How does speaking a dialect influence the brain?
One of the most important skills for successful development of youth into productive members of society is knowing how to read and spell. Although quintessential, literacy acquisition is also a highly complex and (time-) demanding process. Different form learning how to speak, which happens innately by learning statistical properties of one’s native language through exposure, reading and spelling have to be actively learned and trained.
Some children speak a different language at home compared to the one used in school. These children either stem from a bilingual language background or have recently moved to a place where they do not (yet fully) speak the language. Alternatively, the language used in colloquial speech is very different from its standardized language form used in formal and instructional settings.
My previous research has examined how speaking the colloquial German dialect of Swiss German impacts pre-school language processing in the brain, and, how this relates to the familiarity with the standard language used for reading and spelling learning in school. In the German-speaking part of Switzerland the general language used in school is the Swiss Version of Standard German, which differs from Swiss German greatly in terms of pronunciation, grammar structure and vocabulary.
Dialect and Standard language are processed differently
Using the method of Electroencephalography (EEG), we examined how familiarity with dialect-specific pronunciation and vocabulary of spoken words impacted speech sound and semantic processing in the brains of kindergarten-aged children, before entering school. Specifically, we examined children who either grew up speaking Swiss German dialect with little exposure to Standard German or were raised in Standard German-speaking households.
Our study showed that Kindergarten-aged children hold a strongly primed inventory for native speech sounds, as found in pronunciations, and required more extensive mechanisms to process non-native (and thus more unfamiliar) variants than native ones. Moreover, children showed a semantic mismatch effect in the brain for non-native word names (e.g., Swiss German “Rüebli” vs. Standard German “Karrotte” for the word carrot), when they were presented with the corresponding image. A semantic mismatch effect is an automatic process which occurs when e.g., a spoken word is simultaneously compared with an image, and then is checked for whether this pair matches with the hearer’s expectation. This brain response pattern we received for Standard German vocabulary in Swiss German native children seem to show that they likely have not (yet) formed robust mental representations of Standard German vocabulary before they enter into Grade 1 of elementary school.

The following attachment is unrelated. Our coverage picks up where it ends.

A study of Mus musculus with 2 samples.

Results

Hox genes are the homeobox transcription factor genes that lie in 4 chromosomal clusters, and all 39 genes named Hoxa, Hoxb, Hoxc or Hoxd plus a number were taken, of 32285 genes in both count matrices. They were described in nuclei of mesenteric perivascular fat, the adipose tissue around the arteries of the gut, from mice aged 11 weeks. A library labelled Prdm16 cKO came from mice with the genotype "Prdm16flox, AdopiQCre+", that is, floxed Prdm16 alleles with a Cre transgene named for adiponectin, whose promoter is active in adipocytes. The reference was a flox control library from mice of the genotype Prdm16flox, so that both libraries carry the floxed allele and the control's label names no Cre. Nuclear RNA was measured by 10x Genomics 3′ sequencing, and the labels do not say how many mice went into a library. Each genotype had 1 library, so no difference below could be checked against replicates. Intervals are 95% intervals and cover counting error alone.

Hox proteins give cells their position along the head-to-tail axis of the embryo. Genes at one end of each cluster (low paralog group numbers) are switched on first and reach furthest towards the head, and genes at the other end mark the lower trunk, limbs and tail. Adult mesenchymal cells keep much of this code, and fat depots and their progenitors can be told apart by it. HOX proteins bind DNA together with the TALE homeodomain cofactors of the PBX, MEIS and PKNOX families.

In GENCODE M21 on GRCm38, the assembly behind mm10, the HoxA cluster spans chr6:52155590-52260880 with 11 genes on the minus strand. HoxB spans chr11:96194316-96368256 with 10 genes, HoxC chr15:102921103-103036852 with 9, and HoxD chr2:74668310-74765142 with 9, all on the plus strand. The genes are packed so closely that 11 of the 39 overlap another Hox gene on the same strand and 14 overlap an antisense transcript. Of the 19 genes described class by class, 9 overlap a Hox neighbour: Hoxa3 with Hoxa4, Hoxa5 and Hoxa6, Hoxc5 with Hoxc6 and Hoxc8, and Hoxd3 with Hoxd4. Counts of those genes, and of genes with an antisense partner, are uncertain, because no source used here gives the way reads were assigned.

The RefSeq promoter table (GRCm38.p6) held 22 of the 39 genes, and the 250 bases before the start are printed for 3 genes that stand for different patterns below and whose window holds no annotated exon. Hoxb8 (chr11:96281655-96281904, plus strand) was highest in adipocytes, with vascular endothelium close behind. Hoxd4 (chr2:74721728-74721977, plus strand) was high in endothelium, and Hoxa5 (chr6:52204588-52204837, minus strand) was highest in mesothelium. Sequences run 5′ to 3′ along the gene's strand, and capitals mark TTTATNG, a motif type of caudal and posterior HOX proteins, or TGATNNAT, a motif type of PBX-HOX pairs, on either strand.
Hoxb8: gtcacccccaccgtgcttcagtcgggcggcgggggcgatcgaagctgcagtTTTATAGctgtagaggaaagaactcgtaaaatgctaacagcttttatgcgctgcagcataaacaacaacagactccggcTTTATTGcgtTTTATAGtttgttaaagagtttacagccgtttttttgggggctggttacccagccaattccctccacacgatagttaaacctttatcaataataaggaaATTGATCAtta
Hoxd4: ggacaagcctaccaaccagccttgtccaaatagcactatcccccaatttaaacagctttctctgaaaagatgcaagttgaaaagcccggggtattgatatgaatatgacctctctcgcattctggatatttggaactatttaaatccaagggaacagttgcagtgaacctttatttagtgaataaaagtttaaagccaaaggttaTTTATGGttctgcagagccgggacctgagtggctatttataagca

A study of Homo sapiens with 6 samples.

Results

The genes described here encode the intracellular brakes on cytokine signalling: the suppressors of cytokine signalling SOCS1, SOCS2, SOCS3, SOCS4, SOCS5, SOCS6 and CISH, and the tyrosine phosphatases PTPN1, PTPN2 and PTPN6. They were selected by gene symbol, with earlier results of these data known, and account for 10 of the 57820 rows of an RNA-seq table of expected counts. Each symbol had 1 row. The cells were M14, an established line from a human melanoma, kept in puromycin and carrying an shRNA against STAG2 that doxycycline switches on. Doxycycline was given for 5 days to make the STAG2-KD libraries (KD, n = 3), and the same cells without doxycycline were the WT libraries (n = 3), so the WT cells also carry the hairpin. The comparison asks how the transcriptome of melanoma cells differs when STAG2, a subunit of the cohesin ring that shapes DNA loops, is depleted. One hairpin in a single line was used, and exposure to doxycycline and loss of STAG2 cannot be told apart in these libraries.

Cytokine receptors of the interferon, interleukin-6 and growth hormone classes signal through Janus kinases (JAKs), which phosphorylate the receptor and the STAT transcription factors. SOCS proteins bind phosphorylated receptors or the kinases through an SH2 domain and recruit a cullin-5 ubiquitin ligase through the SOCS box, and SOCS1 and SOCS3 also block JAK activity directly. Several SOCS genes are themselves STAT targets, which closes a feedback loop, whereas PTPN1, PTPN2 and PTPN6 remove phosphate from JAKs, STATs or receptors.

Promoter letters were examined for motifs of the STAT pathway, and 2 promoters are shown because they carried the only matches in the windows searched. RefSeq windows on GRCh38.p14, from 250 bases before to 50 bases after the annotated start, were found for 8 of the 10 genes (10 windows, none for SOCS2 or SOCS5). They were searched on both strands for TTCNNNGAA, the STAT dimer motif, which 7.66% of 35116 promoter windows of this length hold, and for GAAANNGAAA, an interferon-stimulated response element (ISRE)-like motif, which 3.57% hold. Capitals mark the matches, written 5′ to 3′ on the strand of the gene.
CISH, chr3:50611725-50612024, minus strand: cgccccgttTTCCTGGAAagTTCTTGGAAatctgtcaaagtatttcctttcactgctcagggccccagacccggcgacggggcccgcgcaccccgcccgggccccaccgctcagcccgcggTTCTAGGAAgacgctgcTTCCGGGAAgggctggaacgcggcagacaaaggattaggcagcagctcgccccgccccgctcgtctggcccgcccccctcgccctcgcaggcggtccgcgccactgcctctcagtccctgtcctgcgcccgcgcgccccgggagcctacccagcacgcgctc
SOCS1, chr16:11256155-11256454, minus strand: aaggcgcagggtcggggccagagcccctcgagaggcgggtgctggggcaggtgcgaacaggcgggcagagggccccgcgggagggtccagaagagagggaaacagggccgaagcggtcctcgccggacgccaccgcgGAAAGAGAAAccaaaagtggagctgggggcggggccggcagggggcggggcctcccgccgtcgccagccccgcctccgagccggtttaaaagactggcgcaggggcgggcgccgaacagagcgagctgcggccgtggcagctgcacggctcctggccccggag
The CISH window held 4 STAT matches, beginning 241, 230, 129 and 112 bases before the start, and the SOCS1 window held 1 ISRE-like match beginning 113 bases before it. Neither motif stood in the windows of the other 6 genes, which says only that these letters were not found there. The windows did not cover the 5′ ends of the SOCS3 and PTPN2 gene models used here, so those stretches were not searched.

Speaking a dialect makes learning to read and spell more complicated
We further tested how speaking Swiss German dialect (and other variables) impacted reading and spelling learning after one year of formal instruction in school. When we just looked at how well Swiss German and Standard German native children scored in standardized reading and spelling tests, we did not find any notable differences. However, when we ran an analysis accounting for pre-school literacy-related skills (e.g. letter knowledge, letter-to-sound matching, etc.) collected in Kindergarten which have been shown to predict reading and spelling outcome in school, we could see that speaking Swiss German dialect negatively impacted Grade 1 reading and spelling. What does this mean? As Swiss German speaking children are less able to work with speech-to-print matching strategies during early reading and spelling due to Swiss German vs. Standard German pronunciation differences, and at the same time also need to learn which Swiss German words correspond to the Standard German ones, they encounter some additional difficulties in the literacy learning process than Standard German speaking children. However, the fairly high developed pre-school literacy-related skills we found in Swiss German speaking children seem to counteract these problems, at least to some extent. Similarly, previous studies with bilingual children have shown that growing up with two different languages may increase the ability to analyze and think about language and thus heighten meta-linguistic skills. Strong abilities in such skills can make it easier to learn some aspects of reading and spelling and may even help compensate disadvantages.
Use story time to actively point out differences
As a recommendation for parents with dialect-speaking children, I suggest that, if they like, they can playfully introduce their child to dialect vs. standard language differences from already rather early on (shortly before or during kindergarten) and actively explain which words spoken in dialect match the ones of the standard language. This can easily be done during storytelling by sometimes reading a story in the standard language and actively involving the child by asking (story- and/or vocabulary-related) questions in dialect. One can even frame such a parent-child interaction as a game and say, “Let’s read a story in the way that they talk on television” (for the standard language) or “Let’s read a story in the way that Grandma would tell it” (for dialect).
The next step in my research is to combine brain and behavioral measurements for language processing with literacy outcome in dialect-speaking children.